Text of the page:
This semester, students in “Global Video Game Cultures” with Visiting Assistant Professor of Media and Society Iskandar Zulkarnain visited the Strong National Museum of Play in Rochester to tour the International Center for the History of Electronic Games.
At 60,000 items and growing, the Center’s collections of video games, other electronic games, and electronic game-related historical materials is the largest and most comprehensive public collection in the world.
“The trip is an important and valuable hands-on experience for students to understand the broad and diverse history of video games as well as the nuances in their global circulation,” says Zulkarnain, who recently published an opinion piece in The Conversation to respond to the discourse of banning a globally popular game PlayerUnknown’s Battlegrounds (PUBG) in Indonesia. By observing The Strong’s collection, Zulkarnain hopes students will view video games “not just as an entertainment medium but also as a cultural artifact.”
During their visit, students observed the World Video Game Hall of Fame, an exhibit that recognizes individual electronic games of all types — arcade, console, computer, handheld and mobile — that have enjoyed popularity over a sustained period of time and have exerted influence on the video game industry or on popular culture and society in general. Inductees to the World Video Game Hall of Fame include Pong, The Oregon Trail, Pac-Man, John Madden Football, The Legend of Zelda, Street Fighter II and World of Warcraft.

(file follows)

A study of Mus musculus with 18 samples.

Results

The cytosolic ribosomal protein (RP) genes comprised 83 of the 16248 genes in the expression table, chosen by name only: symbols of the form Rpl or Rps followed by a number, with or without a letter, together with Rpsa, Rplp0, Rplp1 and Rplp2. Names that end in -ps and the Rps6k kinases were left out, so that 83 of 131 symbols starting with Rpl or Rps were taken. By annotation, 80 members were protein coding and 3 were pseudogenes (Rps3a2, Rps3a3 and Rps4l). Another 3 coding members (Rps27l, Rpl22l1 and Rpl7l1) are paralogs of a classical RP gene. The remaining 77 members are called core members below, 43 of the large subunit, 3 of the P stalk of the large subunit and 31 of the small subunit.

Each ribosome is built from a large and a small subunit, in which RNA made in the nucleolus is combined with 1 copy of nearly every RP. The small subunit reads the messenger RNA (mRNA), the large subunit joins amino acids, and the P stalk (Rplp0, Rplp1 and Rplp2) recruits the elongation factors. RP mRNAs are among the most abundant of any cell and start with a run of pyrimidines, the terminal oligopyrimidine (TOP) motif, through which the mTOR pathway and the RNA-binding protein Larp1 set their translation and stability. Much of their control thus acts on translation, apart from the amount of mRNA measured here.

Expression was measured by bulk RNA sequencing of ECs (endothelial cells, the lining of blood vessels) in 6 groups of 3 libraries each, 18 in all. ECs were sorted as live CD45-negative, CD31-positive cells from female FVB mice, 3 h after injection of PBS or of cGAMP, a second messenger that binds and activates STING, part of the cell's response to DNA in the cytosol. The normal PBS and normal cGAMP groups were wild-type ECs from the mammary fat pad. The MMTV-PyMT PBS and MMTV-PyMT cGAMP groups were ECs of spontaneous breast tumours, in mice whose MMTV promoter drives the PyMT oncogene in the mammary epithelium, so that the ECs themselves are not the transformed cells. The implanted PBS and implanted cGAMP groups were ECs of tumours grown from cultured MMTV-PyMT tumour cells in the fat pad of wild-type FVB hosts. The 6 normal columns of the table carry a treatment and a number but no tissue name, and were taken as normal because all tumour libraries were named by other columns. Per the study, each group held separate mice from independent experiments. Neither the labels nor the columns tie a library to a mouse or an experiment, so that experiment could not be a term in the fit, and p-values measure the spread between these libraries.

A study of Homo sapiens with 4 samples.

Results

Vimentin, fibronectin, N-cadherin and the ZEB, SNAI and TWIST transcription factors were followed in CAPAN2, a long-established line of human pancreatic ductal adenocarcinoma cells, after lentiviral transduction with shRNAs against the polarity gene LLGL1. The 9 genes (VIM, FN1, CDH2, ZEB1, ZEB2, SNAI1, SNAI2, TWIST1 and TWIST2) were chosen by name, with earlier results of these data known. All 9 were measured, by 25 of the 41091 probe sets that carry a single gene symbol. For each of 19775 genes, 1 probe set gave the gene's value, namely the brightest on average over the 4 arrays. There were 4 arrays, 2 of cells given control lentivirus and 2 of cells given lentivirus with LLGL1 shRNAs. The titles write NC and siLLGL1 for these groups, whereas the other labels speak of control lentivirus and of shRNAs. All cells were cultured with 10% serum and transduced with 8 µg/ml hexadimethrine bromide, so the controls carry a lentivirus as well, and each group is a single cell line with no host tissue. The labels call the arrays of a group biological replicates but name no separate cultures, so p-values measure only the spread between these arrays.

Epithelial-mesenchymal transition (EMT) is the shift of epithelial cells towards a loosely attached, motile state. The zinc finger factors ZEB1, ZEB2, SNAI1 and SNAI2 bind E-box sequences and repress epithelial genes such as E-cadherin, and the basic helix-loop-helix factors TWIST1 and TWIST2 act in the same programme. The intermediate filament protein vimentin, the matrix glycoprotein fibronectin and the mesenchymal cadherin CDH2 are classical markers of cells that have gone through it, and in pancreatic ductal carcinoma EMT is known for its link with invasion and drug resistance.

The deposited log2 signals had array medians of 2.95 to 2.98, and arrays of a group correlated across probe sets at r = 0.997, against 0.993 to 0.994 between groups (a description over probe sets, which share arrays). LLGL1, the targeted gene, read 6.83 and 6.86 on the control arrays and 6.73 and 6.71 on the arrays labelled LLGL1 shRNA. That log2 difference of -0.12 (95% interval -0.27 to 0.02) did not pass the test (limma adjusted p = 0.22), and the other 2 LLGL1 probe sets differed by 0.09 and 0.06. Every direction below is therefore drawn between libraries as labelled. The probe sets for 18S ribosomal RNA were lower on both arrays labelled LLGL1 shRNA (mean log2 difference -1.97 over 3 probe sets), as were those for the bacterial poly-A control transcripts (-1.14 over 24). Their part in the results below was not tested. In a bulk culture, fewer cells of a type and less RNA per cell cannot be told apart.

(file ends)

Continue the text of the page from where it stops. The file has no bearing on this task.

At the Strong Museum of Play, Zulkarnain’s seminar class also experienced the interactive exhibit produced by the Center: eGame Revolution, where they could play in a recreated video arcade or see rare and unique artifacts like Computer Space.
As part of the trip, Zulkarnain’s seminar class also visited the Brian Sutton-Smith Library and Archives of Play in the Museum to hear a presentation from archivist Julia Novakovic, who showcased materials from the Cort and Barbara Allen Atari Packaging Design Collection — a collection of archives that provide a record of the design and production of packaging and manuals for Atari home console, computer and handheld games. Novakovic also introduced students to the Gerald A. “Jerry” Lawson Papers, a collection of works by the pioneering African-American game engineer who helped revolutionize the video game industry through his design of the Fairchild Channel F game system.
Finally, Zulkarnain’s class took a behind the scene tour of the Center’s collection storage rooms, which included rare prototypes and objects like Atari’s Black Widow and Bally’s Invisible Monsters.